Nothing Can Stop Us Now: A Ride on Mickey and Minnie’s Runaway Railway


Hello there! I'm back again to continue recapping my journey throughout the first day of Flower and Garden at Epcot and opening day of Mickey and Minnie's Runaway Railway at Disney's Hollywood Studios. If you're just joining the journey, click here to read part one, and click here to read part two. Ready for a new adventure? Buckle up! Here we go...

It was just after 1pm, and we were wrapping up filming the review of the Harissa Chicken Kebab ($8) in the Morocco pavilion for the Disney Dining Show. I had a FastPass for Mickey and Minnie's at 2pm, so I said goodbye to the guys, quickly made my way to the International Gateway park exit, and jumped on the Disney Skyliner to head to Hollywood Studios. 

Upon entering the Studios, my gaze was immediately drawn to the Chinese Theater at the end of Hollywood Boulevard. It was the first time that I'd seen the new attraction sign in person, and it was lit and moving in all its bright neon glory. It was striking how very vibrant and brilliant the neon was, even in the middle of the day. 

I am generally someone who intentionally avoids all on-ride videos/photos/spoilers leading up the opening of a new attraction. I want to be able to experience it on my own without too much of a prior knowledge of what I should or should not expect. If you're of the same mind, be warned: I share a few on-ride pictures and a bit of commentary below, and while I won't be giving away anything earth-shattering, I won't hold it against you if you choose to stop reading here. We can still be friends.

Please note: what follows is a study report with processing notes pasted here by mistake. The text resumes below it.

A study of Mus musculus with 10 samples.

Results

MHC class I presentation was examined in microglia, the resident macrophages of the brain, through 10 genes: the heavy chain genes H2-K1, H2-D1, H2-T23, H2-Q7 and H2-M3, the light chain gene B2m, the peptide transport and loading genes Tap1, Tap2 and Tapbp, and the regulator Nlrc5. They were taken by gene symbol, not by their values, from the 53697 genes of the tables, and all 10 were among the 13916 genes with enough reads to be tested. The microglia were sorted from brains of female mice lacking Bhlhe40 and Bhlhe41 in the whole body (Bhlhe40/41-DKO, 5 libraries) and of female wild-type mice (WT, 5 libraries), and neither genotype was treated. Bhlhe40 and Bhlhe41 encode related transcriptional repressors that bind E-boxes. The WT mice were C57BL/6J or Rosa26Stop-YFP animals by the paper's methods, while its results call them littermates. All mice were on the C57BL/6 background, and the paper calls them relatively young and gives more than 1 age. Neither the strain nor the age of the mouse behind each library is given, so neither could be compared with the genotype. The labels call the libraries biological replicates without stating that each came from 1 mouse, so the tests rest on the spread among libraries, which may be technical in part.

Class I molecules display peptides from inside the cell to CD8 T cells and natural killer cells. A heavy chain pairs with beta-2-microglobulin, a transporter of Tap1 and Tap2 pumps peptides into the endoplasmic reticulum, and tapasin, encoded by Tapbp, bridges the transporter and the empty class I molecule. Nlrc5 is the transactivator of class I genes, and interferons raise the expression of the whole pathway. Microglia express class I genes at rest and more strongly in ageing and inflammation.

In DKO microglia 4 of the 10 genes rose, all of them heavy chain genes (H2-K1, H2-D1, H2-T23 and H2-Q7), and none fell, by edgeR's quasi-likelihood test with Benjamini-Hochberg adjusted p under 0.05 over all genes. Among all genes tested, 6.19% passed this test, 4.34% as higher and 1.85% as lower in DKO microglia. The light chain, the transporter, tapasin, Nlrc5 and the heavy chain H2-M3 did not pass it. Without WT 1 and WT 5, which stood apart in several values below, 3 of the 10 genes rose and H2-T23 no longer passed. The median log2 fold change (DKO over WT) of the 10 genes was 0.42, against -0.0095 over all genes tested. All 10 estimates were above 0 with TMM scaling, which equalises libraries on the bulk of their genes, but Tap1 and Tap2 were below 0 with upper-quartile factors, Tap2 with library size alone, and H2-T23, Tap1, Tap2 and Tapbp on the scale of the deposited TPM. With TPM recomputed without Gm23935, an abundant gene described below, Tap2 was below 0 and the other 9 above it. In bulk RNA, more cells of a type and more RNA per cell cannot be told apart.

The FastPasses that Jackie and I were able to get for our big first ride on the attraction just happened to overlap. The cast members were extremely organized, and we were sent toward the FastPass entrance right away. 

The show building is an example of Exotic Revival architecture (à la Hollywood's Chinese Theater), both inside and out.



As is usually the case, the FastPass line bypasses the large majority of the lobby, so returning and riding via the standby line will be on my must-do list once the parks reopen.

The columns, the lighting fixtures, and the wall treatments all harken back to Chinese architecture, and, if you were worried that the building would lose some of its resemblance to its former self, rest assured: it's still simply lovely. 

The attraction (the ride, the queue, the whole enchilada) is just unreal. Jackie and I loved every minute of it, and we would've ridden 43 more times if they had let us. As soon as we got off the attraction, we jumped on Facebook Live to share our spoiler-free experience and reactions. Click here to watch the Facebook Live video

Midway through the livestream, a viewer asked us to sum the attraction up in one word. My word was surprising. Just when I thought I knew what was going on or coming up next, something completely different would happen, and I loved it.

When I thought that a scene was one way, everything transformed and the room became something entirely different. I was constantly turning around to look behind me in an attempt to fully take in what was happening. It was magical.



Our adventure in the Studios that day didn't end with Runaway Railway. After a bite at ABC Commissary, we were off to the new Mickey Shorts Theater to take in a show. More on that in the days to come.

Has a Disney attraction ever completely surprised you? I'd love to hear your experiences! Please share them in the comments section below.